Jelle van Gorkom, who won a silver medal in the BMX event at the 2016 Olympics in Rio de Jaineiro, is in a coma following a serious crash while training in the Netherlands.
Van Gorkom crashed at the beginning of a training session at the Dutch National Sports Centre in Papendal near Arnheim, falling at the bottom of the starting ramp.
The 27-year-old was taken to hospital in an ambulance, where the Royal Dutch Cycling Union (KNWU) said that he was diagnosed with "broken ribs, a fracture in the face, a tear in the skull and damage to the liver, spleen and kidneys."
In a statement issued through the KNWU, national BMX coach Bas de Bever said his thoughts and the thoughts of everyone at the organisation were with Van Gorkom, and appealed for this friends and family to be given "peace and privacy".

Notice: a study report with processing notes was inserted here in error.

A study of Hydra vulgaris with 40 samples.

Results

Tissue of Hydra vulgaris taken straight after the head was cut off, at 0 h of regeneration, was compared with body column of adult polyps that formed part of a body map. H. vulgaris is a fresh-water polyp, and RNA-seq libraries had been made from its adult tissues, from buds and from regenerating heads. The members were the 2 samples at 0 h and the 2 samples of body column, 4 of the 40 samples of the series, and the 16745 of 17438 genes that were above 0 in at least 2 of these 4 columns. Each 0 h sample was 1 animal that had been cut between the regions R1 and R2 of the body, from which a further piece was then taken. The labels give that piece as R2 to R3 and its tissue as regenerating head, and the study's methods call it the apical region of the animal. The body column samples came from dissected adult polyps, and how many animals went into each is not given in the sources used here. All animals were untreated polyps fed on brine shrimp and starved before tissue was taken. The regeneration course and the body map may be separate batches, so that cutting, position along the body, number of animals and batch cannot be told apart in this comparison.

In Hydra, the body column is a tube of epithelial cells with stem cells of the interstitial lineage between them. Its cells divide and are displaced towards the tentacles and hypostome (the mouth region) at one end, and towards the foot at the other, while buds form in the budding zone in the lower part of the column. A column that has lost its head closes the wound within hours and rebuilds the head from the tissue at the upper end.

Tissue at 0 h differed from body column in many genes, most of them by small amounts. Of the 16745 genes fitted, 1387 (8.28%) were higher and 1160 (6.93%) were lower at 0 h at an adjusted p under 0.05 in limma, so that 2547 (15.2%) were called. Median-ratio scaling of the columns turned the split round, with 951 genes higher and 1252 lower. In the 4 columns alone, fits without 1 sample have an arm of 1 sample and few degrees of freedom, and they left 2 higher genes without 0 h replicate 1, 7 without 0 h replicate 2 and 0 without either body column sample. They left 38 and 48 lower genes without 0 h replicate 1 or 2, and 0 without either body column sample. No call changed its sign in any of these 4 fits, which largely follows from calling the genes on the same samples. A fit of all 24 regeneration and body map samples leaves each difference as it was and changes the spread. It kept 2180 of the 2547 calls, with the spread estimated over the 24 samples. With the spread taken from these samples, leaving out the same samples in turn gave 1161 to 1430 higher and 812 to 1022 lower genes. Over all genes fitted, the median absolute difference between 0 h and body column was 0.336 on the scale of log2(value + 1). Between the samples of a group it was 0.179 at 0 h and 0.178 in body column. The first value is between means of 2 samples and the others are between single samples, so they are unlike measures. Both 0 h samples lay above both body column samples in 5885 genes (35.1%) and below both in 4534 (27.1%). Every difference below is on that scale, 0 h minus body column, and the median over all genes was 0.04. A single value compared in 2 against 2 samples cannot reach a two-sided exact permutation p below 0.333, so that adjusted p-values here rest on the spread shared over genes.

Those sentiments were echoed by Jochem Schellens, director of the National Sports Centre: "It is a terrible accident and at the moment we are mainly with our thoughts at Jelle van Gorkom, his girlfriend and his family and we wish them all the strength in the coming period."
Van Gorkom took the silver medal in the men's BMX at the 2016 Olympic Games, finishing second behind Connor Fields of the USA in the final.
That result came four years after Van Gorkem was forced to miss much of the build-up the 2012 Olympic Games in London, competing in the Games less than four months after coming out of a coma following another heavy crash during a race in California.
Van Gorkom's accident comes a little over a week after another high-profile BMX rider, Australia's Caroline Buchanan, suffered a broken sternum, broken nose, collapsed lungs in a car accident, sharing graphic photos of her injuries on social media.